DMR satisfied with charter talks as industry meetings close

Godfrey Oliphant, deputy mines minister, South Africa

SOUTH African deputy mines minister, Godfrey Oliphant, said it was unlikely the Department of Mineral Resources (DMR) would extend the consultation period with the country’s mining sector regarding proposals for a new mining charter.

The mining sector, led by the Chamber of Mines (CoM), met with the DMR for about a from the beginning of this month to discuss changes to the mining charter gazetted in South Africa’s parliament on April 14. The consultation period was set for a month.

One of the most contentious parts of the new mining charter was that mining firms had to ensure they maintained black economic empowerment ownership of 26% in their companies. The mining sector’s complaint with this was firstly a draft of the charter had not been discussed with it first before publishing it in parliament.

It also argued that having to re-empower their companies, especially when black-owned partners had already sold their shares, was heavily dilutory and would not attract new foreign capital.

“The minister [Mosebenzi Zwane] could extend the period, but it is unlikely,” Oliphant said. He was speaking at a press conference convened on the sidelines of the Junior Indaba, a conference held at the Johannesburg Country Club.

The procedure now is for the DMR to discuss the findings of meetings with the industry and to refine the process through certain platforms, such as MIGDETT or Mining Industry Growth Development and Employment Task Team, he said.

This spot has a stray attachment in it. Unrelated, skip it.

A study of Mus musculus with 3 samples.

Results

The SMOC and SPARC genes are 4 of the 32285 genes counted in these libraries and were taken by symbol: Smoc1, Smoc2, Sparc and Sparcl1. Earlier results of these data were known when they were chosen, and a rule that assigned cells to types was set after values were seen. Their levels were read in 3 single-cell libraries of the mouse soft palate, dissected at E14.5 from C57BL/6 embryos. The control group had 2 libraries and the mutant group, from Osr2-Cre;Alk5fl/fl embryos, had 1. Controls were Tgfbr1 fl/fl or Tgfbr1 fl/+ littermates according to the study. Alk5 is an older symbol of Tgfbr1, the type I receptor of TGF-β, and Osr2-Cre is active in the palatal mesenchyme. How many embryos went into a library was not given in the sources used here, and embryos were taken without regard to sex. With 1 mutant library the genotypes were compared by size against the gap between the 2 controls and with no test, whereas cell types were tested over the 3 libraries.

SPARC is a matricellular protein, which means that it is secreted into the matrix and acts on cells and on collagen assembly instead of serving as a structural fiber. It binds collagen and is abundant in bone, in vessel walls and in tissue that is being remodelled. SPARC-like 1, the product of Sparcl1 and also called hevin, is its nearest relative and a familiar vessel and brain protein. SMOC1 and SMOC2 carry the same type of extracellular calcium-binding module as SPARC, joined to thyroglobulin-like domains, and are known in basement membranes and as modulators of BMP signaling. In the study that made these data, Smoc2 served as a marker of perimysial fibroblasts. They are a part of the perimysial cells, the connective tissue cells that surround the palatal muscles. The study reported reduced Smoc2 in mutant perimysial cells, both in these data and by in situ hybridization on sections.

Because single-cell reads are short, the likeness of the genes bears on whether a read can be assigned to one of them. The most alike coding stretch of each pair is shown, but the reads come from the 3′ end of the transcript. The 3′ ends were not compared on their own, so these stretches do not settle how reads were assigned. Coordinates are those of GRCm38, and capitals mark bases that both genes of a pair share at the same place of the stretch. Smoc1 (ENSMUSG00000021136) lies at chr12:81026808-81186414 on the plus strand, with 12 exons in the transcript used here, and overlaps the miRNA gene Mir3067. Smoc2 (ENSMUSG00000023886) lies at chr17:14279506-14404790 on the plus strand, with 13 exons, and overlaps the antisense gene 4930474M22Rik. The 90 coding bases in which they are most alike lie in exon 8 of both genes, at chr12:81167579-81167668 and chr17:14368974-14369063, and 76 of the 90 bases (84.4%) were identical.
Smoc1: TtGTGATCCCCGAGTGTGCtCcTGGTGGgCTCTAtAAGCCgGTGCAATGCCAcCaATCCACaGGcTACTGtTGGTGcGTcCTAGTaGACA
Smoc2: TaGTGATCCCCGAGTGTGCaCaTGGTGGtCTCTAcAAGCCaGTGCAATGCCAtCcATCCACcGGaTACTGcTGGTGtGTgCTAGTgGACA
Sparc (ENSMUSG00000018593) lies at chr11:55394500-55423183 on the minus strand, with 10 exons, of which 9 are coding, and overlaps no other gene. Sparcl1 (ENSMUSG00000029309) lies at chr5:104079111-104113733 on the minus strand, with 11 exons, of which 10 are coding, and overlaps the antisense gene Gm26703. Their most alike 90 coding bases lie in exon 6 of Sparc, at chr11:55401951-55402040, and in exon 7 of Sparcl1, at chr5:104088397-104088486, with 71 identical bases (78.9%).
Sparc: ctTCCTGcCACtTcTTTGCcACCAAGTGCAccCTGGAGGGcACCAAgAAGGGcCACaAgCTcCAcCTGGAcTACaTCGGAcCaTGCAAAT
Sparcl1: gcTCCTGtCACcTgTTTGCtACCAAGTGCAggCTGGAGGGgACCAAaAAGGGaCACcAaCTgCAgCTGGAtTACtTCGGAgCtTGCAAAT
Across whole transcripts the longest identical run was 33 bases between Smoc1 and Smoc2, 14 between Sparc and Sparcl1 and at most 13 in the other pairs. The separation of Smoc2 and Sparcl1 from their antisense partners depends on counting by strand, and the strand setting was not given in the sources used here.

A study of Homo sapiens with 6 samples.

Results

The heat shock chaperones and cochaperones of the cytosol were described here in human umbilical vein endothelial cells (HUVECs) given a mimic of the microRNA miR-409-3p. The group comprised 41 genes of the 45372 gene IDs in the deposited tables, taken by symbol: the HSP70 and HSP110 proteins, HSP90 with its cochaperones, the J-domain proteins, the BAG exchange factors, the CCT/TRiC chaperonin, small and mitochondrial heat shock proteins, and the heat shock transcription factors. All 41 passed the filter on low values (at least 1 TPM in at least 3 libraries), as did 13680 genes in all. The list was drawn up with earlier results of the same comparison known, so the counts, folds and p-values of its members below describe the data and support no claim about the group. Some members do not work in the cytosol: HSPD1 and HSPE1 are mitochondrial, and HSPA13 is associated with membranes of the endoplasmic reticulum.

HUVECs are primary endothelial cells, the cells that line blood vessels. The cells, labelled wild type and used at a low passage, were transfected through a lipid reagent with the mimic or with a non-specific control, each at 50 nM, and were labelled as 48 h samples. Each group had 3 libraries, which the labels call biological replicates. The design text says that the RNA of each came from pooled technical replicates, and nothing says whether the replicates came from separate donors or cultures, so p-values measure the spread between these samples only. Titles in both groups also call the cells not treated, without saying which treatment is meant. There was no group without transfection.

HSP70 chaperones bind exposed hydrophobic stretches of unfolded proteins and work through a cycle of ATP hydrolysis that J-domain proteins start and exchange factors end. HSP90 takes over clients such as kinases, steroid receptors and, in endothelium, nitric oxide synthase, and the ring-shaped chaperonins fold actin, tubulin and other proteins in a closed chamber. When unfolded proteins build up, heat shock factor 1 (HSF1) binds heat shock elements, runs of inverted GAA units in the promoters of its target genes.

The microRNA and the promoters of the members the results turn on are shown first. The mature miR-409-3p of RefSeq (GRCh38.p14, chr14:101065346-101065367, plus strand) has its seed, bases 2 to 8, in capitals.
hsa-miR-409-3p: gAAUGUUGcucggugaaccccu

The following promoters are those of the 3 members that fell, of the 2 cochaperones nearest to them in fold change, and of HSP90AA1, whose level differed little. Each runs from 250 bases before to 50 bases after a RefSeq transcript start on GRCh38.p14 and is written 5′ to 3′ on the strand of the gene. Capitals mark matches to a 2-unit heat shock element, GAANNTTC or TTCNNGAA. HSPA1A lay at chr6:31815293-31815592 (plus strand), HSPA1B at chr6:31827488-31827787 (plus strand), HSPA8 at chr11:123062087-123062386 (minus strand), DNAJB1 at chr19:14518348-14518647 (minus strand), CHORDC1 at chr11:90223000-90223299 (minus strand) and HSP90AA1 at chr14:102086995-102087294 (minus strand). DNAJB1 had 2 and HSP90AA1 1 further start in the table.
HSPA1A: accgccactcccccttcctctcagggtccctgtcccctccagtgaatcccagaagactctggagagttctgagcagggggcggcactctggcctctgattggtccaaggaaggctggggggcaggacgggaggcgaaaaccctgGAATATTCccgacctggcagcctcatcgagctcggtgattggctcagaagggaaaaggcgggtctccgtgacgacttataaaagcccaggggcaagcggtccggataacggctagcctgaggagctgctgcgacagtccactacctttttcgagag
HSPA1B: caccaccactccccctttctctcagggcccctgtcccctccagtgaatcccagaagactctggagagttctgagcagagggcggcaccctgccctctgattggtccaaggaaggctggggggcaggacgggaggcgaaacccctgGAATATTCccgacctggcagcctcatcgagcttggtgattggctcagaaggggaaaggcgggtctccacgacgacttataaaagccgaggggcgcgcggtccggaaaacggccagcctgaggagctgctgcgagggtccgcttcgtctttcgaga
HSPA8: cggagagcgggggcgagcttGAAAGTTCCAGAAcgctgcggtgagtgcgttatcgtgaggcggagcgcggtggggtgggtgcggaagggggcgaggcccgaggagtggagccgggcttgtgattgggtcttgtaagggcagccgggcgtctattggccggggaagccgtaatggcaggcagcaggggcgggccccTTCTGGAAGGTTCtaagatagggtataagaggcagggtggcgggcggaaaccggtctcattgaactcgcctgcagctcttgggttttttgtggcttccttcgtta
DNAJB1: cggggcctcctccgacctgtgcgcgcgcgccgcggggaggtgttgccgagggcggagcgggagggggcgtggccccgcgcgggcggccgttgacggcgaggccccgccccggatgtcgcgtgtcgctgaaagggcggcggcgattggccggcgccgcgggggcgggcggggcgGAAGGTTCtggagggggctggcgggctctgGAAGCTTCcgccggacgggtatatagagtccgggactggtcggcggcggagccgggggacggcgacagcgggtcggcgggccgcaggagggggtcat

The suggestion is that there has been agreement with the industry on the contents of the charter, especially as the CoM said last month that negotiations were proceeding well.

“I think people will be surprised with what comes out of the charter negotiations,” said Neal Froneman, CEO of Sibanye Gold who was also attending the conference.

The charter would be completed before the end of the year whilst progress on amendments to the Minerals & Petroleum Resources Development Act (MPRDA) would be promulgated from November.

“We have made a lot of progress in line with what the president [South African president, Jacob Zuma] has said,” said Oliphant referring to Zuma’s decision to have the upper house of parliament, the National Council of Provinces, review the amendments to the MPRDA in terms of ensuring the constitutionality of the proposals.

“Our goal is for November,” he said.